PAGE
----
Dallas Chamber Symphony’s concert on Nov. 15 proves history can be kind to emerging artists as they attempt carve out their identity in their cultural sphere.
The pieces bookending the concert, Edward Elgar’s Serenade for Strings and Arnold Schoenberg’s Transfigured Night, are both early pieces that reflect a transformation in the composers’ careers.
The concert will open with Elgar’s Serenade for Strings. Written in 1892 and first performed in 1896, it is one of this British composer’s earliest surviving pieces and was written only a few years before his first great success.
“Elgar was a late bloomer. He was 35 years old before he started getting any traction. He had a very unstructured upbringing, mainly he was self-taught. He was just getting married and he condensed some of his work into this Serenade. At about the same time Schoenberg was writing Transfigured Night, Elgar was writing the Enigma Variations.” said Richard McKay, conductor and artistic director of the Dallas Chamber Symphony.
Following the 1899 premiere of the Enigma Variations, Elgar achieved international fame and he would go on to compose the Pomp and Circumstance Marches, still widely used at academic graduations. Serenade for Strings is the work of a composer still striving for recognition and financial stability.
In Vienna, Schoenberg ambitiously worked to establish himself in the music world with Transfigured Night, a piece based on the poem of the same name by Richard Dehmel.
“Schoenberg was trying figure out what his language would be, what his personal transformation would be, what his musical transformation and contribution would be, and how to elevate the current state of music,” McKay said.
Schoenberg admired both Johann Brahm’s structured work and Richard Wagner’s programmatic work.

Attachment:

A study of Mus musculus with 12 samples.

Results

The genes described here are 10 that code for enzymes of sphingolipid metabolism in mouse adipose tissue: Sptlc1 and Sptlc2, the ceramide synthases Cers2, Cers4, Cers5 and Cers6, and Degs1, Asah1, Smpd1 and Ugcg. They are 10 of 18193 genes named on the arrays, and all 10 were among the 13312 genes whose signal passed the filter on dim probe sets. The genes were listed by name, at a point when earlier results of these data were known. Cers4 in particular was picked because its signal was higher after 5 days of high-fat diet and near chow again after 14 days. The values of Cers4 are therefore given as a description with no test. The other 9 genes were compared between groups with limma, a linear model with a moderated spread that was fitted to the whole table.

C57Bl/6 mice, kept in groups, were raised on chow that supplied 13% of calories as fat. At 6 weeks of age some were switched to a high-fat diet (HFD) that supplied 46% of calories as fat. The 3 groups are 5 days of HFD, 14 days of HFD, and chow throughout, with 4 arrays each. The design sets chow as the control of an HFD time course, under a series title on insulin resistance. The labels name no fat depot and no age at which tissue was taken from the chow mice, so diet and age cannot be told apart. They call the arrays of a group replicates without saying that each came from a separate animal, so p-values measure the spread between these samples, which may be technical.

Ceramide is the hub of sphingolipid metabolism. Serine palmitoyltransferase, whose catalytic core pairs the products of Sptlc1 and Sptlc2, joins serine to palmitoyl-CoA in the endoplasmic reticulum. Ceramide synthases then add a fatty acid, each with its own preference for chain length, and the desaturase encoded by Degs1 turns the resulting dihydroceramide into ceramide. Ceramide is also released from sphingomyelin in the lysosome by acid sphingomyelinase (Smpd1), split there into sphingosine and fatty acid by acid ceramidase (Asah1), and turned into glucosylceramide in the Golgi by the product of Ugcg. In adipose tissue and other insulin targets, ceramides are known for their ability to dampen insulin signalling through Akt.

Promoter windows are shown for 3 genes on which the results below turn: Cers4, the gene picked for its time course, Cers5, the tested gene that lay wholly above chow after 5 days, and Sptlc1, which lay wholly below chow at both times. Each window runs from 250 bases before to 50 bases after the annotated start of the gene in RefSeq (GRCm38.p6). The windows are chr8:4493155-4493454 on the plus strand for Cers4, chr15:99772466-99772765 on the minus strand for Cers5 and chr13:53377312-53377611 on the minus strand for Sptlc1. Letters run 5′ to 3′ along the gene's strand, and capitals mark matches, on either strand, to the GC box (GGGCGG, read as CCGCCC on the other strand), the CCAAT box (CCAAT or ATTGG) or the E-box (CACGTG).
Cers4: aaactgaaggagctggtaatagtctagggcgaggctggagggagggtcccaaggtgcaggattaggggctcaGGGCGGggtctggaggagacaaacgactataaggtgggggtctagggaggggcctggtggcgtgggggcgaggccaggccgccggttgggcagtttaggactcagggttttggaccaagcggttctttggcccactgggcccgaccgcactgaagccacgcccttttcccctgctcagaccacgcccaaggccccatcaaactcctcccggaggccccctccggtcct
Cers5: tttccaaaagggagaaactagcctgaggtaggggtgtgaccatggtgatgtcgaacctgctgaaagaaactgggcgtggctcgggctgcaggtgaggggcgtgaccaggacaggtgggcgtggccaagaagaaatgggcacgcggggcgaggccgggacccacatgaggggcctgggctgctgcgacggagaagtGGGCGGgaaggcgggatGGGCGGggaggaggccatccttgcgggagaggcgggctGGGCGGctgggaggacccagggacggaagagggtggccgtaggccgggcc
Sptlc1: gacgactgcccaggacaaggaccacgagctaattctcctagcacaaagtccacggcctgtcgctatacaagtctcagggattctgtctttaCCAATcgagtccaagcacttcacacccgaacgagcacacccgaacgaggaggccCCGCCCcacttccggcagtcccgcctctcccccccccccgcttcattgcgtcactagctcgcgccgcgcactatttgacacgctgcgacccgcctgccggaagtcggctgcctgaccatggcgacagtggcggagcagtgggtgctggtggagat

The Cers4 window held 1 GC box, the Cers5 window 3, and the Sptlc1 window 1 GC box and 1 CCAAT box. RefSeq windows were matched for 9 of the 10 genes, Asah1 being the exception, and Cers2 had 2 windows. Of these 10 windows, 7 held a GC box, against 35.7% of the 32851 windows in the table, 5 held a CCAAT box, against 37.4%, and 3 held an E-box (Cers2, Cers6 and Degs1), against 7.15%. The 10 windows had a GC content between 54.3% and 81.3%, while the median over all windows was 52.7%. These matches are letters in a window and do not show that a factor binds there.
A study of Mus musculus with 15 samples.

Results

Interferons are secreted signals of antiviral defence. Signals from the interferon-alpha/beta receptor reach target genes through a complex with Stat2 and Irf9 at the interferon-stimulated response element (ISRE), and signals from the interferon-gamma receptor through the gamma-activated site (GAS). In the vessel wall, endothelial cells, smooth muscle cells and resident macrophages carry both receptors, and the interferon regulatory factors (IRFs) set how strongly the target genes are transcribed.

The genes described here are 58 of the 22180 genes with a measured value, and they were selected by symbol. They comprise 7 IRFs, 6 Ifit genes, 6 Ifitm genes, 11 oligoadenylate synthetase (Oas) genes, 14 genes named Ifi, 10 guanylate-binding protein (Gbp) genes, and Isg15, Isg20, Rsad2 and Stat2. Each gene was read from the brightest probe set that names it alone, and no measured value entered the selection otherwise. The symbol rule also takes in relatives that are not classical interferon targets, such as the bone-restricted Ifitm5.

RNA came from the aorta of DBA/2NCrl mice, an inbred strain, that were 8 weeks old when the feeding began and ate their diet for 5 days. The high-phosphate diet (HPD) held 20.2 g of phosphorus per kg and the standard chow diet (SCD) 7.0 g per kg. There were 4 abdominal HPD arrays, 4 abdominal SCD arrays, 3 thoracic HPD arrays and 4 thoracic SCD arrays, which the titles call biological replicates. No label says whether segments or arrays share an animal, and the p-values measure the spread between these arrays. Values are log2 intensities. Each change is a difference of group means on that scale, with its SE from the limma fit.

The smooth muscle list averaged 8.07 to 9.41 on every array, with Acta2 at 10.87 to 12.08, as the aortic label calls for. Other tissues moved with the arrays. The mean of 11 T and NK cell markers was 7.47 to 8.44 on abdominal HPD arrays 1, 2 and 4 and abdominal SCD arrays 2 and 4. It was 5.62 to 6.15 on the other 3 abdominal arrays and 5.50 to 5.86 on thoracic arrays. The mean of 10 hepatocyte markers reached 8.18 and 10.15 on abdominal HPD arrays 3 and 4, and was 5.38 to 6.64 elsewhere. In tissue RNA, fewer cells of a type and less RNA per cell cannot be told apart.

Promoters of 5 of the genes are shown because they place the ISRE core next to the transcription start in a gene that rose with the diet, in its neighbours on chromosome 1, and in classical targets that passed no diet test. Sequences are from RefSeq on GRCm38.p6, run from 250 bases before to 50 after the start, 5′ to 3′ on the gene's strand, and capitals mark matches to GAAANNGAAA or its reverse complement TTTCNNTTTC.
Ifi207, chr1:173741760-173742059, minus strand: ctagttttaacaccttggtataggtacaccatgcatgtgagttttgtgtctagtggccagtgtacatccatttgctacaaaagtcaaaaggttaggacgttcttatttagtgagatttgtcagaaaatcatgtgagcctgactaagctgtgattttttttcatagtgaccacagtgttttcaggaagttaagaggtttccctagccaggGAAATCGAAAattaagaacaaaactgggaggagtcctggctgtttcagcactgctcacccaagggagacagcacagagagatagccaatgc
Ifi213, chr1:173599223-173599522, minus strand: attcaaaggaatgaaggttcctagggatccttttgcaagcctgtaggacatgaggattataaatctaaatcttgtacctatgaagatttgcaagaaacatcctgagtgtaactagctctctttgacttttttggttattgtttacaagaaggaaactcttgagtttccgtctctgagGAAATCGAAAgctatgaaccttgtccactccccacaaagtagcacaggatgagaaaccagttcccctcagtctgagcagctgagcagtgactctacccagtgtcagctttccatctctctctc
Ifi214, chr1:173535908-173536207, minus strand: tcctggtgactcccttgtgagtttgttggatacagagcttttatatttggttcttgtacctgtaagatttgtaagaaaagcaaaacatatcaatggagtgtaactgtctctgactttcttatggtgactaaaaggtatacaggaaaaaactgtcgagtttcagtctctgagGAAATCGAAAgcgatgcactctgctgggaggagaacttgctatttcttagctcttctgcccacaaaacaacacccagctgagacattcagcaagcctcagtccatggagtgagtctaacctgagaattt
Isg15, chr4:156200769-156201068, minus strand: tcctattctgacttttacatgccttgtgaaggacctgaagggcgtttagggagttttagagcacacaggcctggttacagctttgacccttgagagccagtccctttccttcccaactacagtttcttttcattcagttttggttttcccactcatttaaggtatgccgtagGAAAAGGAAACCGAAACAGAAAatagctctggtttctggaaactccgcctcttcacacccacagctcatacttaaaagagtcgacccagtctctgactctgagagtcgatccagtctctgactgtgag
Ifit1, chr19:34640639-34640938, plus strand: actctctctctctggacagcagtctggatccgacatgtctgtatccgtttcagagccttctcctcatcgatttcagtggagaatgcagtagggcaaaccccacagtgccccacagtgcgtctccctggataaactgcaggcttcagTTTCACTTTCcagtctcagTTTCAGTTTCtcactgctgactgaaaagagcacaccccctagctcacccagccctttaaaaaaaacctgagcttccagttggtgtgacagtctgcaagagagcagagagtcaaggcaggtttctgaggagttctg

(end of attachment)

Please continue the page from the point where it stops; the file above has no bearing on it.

“This piece is, in the mind of Schoenberg, a synthesis of those two competing ideas. It’s a masterpiece. It’s certainly the most important early work of Schoenberg and one of the most important early works of the time theoretically for what it meant for the trajectory of concert music at the time. It’s a pivotal work,” said McKay.
Schoenberg’s choice of poetic inspiration raised a few eyebrows.
Dehmel’s poem is about a woman who confesses to her new lover that she is expecting another man’s child. Her lover’s acceptance of this child is a practical and modern resolution, but it presented some legal issues for its writer. Dehmel was tried and acquitted for obscenity and blasphemy twice for writing the work that included this poem.
Despite the controversy, Schoenberg said he was attracted to the transformative themes of the poem.
“I think the reason he chose it was because of the poet’s emphasis on reconciling social mores and reconciling intrinsic competing dualities that encumber human beings in life. It’s all about transcending things. Transcending the dualities between male and female, life and death, light and dark. There’s a tremendous emphasis on transformation or a metamorphosis and the idea of bringing humanity or human beings to a higher level,” said McKay.
Schoenberg uses the distinct structure to illustrate and explore the poem’s story.
“The general mood of the sound pivots with the mood of the poem. When you’re dealing with programmatic music, it’s not just about having a poem that inspires your piece. It’s really about painting the poem or painting the subject matter into the piece,” said McKay.
The music community largely embraced Schoenberg for Transfigured Night, but it does not foreshadow his future work. World War I and World War II inspired a rebellion against German Romantic music and German nationalism.
“If you listen to Tranfigured Night, you would never think he is going to go crazy with atonality and serialism and totally dissemble the tonal system in the coming years,” said McKay.
Schoenberg would become famous for that musical development, but war would force him out of his homeland. In 1934, Schoenberg moved to the United States to escape the Nazi regime after being accused of composing degenerate music.
This concert is an opportunity to experience the beautiful masterworks of composers on the cusp of the most pivotal time in their careers and in history.
The performance will be held on Tuesday, Nov. 15 at 8 p.m. at the Dallas City Performance Hall. For tickets and more information, visit www.DCSymphony.org.